Frozen Shoulder

The shoulder is the most mobile joint in the human body. The shoulder joint is made up of the ball end of the upper arm bone that fits into the socket of the collar bone (clavicle) and the shoulder blade (scapula). The two bones are held in place by ligaments, tendons and muscles.

This arrangement allows a great range of movement -- but at the expense of stability.

A frozen shoulder (also sometimes called adhesive capsulitis) is a thickening and tightening of the soft tissues that surround the shoulder joint. When these tissues become irritated and inflamed, they can become scarred. The scar tissue takes up space inside the joint that is normally used for motion. As a result, a person with a frozen shoulder has pain and a loss of range of motion.

The joint can become inflamed because of:

  • Biochemical or hormone imbalances
  • Changes in the immune system
  • Diabetes. People with diabetes have a three times greater chance of developing frozen shoulder than the general population
  • Immobilization for long time
  • Injury to the shoulder
  • Previous surgery

Symptoms of a Frozen Shoulder

Signs of a frozen shoulder are pain and a loss of the ability to move the shoulder fully. The pain may come on slowly or suddenly. As the discomfort and loss of motion get worse, even daily tasks become difficult or impossible to do.

Diagnosing a Frozen Shoulder

After taking a medical history and asking questions about the symptoms, a doctor will do a physical examination. He or she will evaluate how much and what kinds of motion are affected by the condition. It is important that other conditions that cause similar symptoms be ruled out.

If the condition cannot be diagnosed on the basis of a physical examination, other tests may be needed, including:

  • X-rays. These are not helpful if only the soft tissues are affected. However, if the scarring has been caused by arthritis, fractures or metal plates inserted during a prior surgery, it will show up on an X-ray.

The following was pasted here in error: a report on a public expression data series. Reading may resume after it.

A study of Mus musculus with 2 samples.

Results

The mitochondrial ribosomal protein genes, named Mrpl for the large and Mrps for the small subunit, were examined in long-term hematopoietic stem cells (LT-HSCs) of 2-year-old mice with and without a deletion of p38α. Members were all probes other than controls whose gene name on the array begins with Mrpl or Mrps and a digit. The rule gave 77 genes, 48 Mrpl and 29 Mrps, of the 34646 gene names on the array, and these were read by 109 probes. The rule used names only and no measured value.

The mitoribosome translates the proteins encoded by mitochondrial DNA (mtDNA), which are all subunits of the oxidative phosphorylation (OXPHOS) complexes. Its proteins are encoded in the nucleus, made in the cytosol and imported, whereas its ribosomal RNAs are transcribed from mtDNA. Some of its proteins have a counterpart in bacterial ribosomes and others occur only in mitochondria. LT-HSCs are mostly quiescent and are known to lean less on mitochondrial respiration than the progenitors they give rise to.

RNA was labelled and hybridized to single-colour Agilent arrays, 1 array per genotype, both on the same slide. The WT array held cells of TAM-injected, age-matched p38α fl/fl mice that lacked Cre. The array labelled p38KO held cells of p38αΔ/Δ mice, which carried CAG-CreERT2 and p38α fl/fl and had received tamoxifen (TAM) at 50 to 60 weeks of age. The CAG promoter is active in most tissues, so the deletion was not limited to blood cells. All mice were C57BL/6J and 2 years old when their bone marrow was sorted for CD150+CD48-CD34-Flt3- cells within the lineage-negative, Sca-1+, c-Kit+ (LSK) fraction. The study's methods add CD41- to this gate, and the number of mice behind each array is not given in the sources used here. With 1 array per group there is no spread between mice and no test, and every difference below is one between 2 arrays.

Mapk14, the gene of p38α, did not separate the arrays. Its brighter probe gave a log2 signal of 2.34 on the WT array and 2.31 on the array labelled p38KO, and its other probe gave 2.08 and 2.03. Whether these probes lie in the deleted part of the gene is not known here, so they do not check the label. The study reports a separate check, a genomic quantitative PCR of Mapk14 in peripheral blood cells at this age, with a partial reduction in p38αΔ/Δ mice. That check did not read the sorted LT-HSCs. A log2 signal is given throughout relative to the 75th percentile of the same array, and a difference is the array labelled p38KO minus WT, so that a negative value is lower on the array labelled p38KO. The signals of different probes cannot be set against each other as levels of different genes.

• Magnetic resonance imaging (MRI) does show soft tissue. An MRI may be helpful if another shoulder problem is suspected, such as a torn rotator cuff.
  • Arthrogram. This may be done along with an MRI. Sometimes this is done after a dye has been injected into the shoulder joint. This helps make the structures of the joint show up better, especially in the tight spaces where the scarring is.

Treating a Frozen Shoulder

Without any treatment, a frozen shoulder can cause problems for one to three years. Even after that time, some people will continue to have stiffness and discomfort. They may still be able to do daily tasks, however.

Depending on how much pain there is and how much the frozen shoulder interferes with daily life, different treatment approaches are used.

A significant amount of improvement can take place with physical therapy and the use of nonsteroidal anti-inflammatory drugs. The goal of physical therapy is to strengthen the tendons around the joint and to stretch the joint so that motion is regained. If there isn't significant improvement within about six months, the joint should be reevaluated.

In older people who have a large amount of scarring - or in younger people who have been injured, surgery may be the best treatment. In the case of an injury, prompt surgery (within four weeks of the injury) may lead to a better recovery.

Surgery to Treat a Frozen Shoulder

Surgical treatment is done using minimally invasive techniques whenever possible.

Arthroscopic surgery can be used to remove scar tissue or bone spurs that interfere with the movement of the joint. In this type of surgery, a tiny fiber optic instrument is inserted into the joint. It can be used to assess the condition of the joint. It can also be used to remove scar tissue or bone spurs. If a torn rotator cuff is found, it can also be repaired at the same time.

Following surgery, patients usually need to stay in the hospital for one to two days. Physical therapy may started while the patient is still in the hospital. As soon as possible after surgery, patients are encouraged to use their shoulder joint. After leaving the hospital, the patient will be given a home stretching program to be done between formal physical therapy appointments.

About 10 days after surgery, the patient will return to the doctor to have the stitches removed. Until that time, the point where the incision was made should be kept clean, dry and covered.

In about three months after the patient has a full range of motion without pain he or she may start a program to strengthen the muscles that support the shoulder joint.